IUCN (International Union for the Conservation of Nature) defines a protected area as “a clearly defined geographical space, recognized, dedicated and managed, through legal or other effective means, to achieve the long-term conservation of nature with associated ecosystem services and cultural value”.
Since the ocean is a physicochemical and biological carbon pump, MPAs not only maintain vital ecosystems, they contribute to reducing atmospheric concentrations of greenhouse gases. Maintaining these services can only be achieved by increasing the number of MPAs and their integration into broader climate action frameworks. By further studying the impacts of climate change on a global network of Marine Protected Areas, we will be able to better understand the adaptation and mitigation benefits, hence enabling us to use them as a tool to combat climate change.
According to the objectives of the Sustainable Development Goal 14: 10% of the ocean should be included into MPAs by 2020. With currently over 10,000 Marine Protected Areas worldwide, only 4% of the global ocean is effectively protected, and only 1.5% is covered by strict and permanent MPAs.
As the Global Ocean Forum 2016-2021 roadmap notes, MPAs can increase ocean ecosystem’s resilience to climate change. Networks of MPAs can bring together different parties to find and implement the “most appropriate management measures to increase or maintain ecosystem resilience”. MPAs can be key sentinels of climate change, laboratories to monitor the effects of climate change, and areas where to develop new management tools.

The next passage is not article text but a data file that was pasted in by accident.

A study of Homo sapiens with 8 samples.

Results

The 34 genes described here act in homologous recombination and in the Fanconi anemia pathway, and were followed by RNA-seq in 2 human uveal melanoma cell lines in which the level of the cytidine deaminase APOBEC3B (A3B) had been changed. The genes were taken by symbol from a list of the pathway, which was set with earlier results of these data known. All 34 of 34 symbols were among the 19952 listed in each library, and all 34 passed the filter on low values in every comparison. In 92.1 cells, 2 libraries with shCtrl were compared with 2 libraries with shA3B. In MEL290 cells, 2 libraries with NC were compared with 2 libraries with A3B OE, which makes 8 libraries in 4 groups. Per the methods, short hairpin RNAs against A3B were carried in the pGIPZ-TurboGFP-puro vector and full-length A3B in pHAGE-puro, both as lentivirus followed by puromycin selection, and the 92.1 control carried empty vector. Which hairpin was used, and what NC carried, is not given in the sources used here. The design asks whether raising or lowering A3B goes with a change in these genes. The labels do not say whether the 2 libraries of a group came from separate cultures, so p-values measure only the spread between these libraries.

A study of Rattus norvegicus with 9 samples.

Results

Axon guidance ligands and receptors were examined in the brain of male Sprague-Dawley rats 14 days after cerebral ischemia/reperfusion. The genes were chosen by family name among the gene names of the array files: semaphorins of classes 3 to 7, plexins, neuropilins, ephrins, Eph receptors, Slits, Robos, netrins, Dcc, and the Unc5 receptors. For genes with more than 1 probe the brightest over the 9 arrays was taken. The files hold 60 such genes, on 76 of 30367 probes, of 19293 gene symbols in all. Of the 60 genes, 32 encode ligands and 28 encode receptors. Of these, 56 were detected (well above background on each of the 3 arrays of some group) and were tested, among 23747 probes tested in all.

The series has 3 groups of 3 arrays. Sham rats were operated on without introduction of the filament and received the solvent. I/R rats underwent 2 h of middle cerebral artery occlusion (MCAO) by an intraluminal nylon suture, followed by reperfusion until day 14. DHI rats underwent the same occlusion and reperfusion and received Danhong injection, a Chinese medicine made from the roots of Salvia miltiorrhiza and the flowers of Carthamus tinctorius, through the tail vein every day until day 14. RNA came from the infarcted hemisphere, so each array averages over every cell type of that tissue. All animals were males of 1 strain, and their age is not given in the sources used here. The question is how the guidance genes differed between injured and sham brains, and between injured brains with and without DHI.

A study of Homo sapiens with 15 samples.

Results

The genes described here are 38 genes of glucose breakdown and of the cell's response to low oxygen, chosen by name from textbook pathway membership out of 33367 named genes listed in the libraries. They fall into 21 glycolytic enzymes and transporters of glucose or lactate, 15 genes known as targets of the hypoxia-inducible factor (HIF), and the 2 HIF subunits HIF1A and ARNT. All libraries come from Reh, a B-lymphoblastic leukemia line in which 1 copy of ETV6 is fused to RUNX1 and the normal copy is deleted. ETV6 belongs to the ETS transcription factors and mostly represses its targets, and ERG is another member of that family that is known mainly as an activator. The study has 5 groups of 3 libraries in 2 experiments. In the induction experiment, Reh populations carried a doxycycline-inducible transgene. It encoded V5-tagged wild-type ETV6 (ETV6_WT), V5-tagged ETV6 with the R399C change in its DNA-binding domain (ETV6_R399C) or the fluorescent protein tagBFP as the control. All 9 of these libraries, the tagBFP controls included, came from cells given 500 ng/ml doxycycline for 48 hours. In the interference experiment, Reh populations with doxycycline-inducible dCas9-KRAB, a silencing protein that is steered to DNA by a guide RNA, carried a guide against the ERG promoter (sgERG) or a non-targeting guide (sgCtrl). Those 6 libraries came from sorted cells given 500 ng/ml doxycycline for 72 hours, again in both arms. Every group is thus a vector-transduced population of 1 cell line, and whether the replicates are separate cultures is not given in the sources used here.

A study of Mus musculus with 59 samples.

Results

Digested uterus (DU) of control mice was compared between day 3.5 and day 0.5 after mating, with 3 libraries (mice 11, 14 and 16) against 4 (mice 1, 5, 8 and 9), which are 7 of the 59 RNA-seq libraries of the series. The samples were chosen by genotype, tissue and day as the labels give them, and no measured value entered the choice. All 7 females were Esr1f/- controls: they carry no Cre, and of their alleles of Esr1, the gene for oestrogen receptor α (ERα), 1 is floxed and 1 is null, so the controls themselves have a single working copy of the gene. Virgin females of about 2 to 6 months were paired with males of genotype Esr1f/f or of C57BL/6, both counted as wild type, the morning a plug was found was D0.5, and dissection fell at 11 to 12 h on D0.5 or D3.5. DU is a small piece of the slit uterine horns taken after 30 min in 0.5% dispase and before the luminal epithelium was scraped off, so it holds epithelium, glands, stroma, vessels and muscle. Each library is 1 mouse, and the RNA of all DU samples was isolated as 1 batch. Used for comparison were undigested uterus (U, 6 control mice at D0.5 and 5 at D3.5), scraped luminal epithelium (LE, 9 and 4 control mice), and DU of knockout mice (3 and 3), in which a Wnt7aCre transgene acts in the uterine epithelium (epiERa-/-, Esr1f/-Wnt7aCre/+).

There is a need to include more actors in MPA planning. For instance, it is necessary to bring fisheries into the “knowledge, consultation and collaboration” process ensure adaptive management. MPAs should be based on an ecosystem approach and boast a new research agenda on the impacts of climate change on ocean ecosystems.
While the Paris Agreement refers to protecting and sustainably managing forest carbon stocks, in its Article 5, the ocean has been left out as an important carbon sink. Given that healthy, productive and resilient oceans are critical for poverty eradication, access to sufficient, safe and nutritious food, livelihoods, economic development”, there must be a shift in how international negotiations take into account the links between biodiversity and climate change.
Additionally, as Ecologically and Biologically Significant Marine Areas do not follow national boundaries and Economic Exclusive Zones, there is a need for regional frameworks of action for MPA networks management.